Two reference bone turnover markers were shown to be associated with an increased risk for future fractures, according to a meta-analysis by researchers from the International Osteoporosis Foundation and the International Federation of Clinical Chemistry and Laboratory Medicine.
“This is the first meta-analysis of [bone turnover markers] that was made possible by standardizing the expression of risk,” working group co-chair Howard a. Morris, PhD, FAACB, FFSc(RCPA), of the School of Pharmacy and Medical Sciences at the University of South Australia, said in a press release. “One strength of the study is that we were able to standardize the metric of predictive power.”
The researchers analyzed data from six publications identified through PubMed between 2000 and 2010, which included tabulated evidence from the Agency for Healthcare Research and Quality on bone turnover markers. Because the risk for fracture reported in the studies was represented in different ways, including a number of methods for calculating HR, the researchers transformed the measurements into a standardized gradient of risk, which was defined as the HR per standard deviation increase.
The gradient of risk has “the advantage of maximizing the use that can be made of publications that used differing indices of risk,” Morris said in the press release.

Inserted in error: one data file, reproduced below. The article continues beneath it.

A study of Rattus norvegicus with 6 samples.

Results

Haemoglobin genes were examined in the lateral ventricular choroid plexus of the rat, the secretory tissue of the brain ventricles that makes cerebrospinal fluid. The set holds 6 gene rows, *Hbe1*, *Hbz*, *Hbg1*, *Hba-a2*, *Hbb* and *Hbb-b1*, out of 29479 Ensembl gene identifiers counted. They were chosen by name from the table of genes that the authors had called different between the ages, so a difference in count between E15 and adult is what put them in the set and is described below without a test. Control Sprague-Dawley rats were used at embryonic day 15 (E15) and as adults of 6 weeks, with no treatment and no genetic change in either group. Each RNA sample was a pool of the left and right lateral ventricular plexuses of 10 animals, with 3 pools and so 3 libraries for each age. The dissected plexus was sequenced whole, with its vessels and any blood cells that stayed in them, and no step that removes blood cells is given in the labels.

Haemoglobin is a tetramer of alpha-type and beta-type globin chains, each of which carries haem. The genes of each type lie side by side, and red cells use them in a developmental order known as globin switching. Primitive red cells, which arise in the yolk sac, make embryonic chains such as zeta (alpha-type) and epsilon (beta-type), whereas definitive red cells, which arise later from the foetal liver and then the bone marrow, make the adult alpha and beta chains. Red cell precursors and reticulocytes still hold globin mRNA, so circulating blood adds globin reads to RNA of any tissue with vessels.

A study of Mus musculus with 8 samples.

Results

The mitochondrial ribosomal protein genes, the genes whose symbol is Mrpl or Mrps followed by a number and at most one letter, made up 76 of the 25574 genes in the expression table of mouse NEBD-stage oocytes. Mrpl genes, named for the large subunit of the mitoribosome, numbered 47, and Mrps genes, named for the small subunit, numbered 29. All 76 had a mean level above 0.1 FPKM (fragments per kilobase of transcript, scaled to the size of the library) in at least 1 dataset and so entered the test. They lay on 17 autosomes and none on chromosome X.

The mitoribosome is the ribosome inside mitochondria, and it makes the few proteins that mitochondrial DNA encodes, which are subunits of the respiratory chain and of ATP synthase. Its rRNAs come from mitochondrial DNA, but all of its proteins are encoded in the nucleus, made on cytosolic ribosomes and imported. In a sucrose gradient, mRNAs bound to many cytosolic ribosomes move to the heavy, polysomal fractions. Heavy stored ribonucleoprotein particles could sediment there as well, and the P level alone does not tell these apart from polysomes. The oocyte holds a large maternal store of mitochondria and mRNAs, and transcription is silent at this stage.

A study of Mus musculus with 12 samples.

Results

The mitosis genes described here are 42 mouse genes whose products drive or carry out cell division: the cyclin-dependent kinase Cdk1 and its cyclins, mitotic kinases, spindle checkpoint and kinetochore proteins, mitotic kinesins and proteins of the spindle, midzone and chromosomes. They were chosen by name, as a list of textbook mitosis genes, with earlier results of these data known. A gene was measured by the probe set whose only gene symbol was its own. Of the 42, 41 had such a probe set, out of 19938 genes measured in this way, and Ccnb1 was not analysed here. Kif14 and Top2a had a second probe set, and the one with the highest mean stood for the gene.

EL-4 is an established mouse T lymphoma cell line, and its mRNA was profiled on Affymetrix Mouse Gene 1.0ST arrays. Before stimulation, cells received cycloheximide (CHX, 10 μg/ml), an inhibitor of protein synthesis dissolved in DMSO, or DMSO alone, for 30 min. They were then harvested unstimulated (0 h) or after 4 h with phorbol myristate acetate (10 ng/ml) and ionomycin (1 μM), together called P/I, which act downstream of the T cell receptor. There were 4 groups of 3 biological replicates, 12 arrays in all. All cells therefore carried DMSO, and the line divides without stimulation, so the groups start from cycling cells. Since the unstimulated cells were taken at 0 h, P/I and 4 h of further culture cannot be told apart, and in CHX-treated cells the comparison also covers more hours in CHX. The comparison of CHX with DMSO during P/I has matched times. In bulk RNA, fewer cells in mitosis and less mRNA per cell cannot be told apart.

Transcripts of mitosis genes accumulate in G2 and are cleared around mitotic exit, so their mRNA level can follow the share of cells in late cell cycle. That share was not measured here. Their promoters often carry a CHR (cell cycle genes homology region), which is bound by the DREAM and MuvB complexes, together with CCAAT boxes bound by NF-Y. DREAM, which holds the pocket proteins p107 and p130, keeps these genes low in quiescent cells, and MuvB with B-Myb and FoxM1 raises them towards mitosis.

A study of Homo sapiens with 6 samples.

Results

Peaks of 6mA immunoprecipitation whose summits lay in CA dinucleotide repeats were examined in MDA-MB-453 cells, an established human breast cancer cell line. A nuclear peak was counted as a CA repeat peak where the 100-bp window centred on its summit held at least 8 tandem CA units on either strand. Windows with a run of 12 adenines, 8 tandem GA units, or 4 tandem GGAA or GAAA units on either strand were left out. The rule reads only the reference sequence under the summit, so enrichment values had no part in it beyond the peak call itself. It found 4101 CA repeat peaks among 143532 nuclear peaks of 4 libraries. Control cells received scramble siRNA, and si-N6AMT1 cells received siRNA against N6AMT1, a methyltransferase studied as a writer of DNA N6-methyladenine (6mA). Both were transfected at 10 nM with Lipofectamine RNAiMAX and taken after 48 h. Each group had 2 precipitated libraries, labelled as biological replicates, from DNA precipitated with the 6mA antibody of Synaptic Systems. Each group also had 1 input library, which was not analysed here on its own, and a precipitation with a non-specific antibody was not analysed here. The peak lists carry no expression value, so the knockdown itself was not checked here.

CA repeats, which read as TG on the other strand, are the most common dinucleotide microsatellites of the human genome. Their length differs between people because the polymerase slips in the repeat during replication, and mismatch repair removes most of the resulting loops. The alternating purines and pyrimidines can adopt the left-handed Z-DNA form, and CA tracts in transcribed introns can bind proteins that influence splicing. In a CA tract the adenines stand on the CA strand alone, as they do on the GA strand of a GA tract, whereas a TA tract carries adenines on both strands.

Studies eligible for inclusion in the meta-analysis were prospective cohort studies of serum procollagen type 1 N-terminal propeptide (s-PINP) and serum C-terminal cross-linking telopeptide of type 1 collagen (s-CTX) measured at baseline in untreated individuals with first incident fracture in middle age, or older men and women. Nested case-control and case-cohort studies were included, but cross-sectional studies were excluded.
Researchers reported a significant association between s-PINP and the risk for fracture. In men and women, unadjusted for bone mineral density, the gradient of risk was 1.23 (95% CI, 1.09-1.39). There also was a significant association between s-CTX and the risk for fracture, in which the gradient of risk was 1.18 (95% CI, 1.05-1.34). A slightly higher association was observed for hip fractures and s-CTX (gradient of risk=1.23; 95% CI, 1.04-1.47).
John A. Kanis, MD, president of the International Osteoporosis Foundation and a study researcher, said in the press release, “More studies are required to better evaluate the independent roles of [bone turnover markers] in fracture risk prediction,” and added that the implementation of standardized reference bone turnover markers in future studies will improve risk prediction methods.
The researchers report no relevant financial disclosures.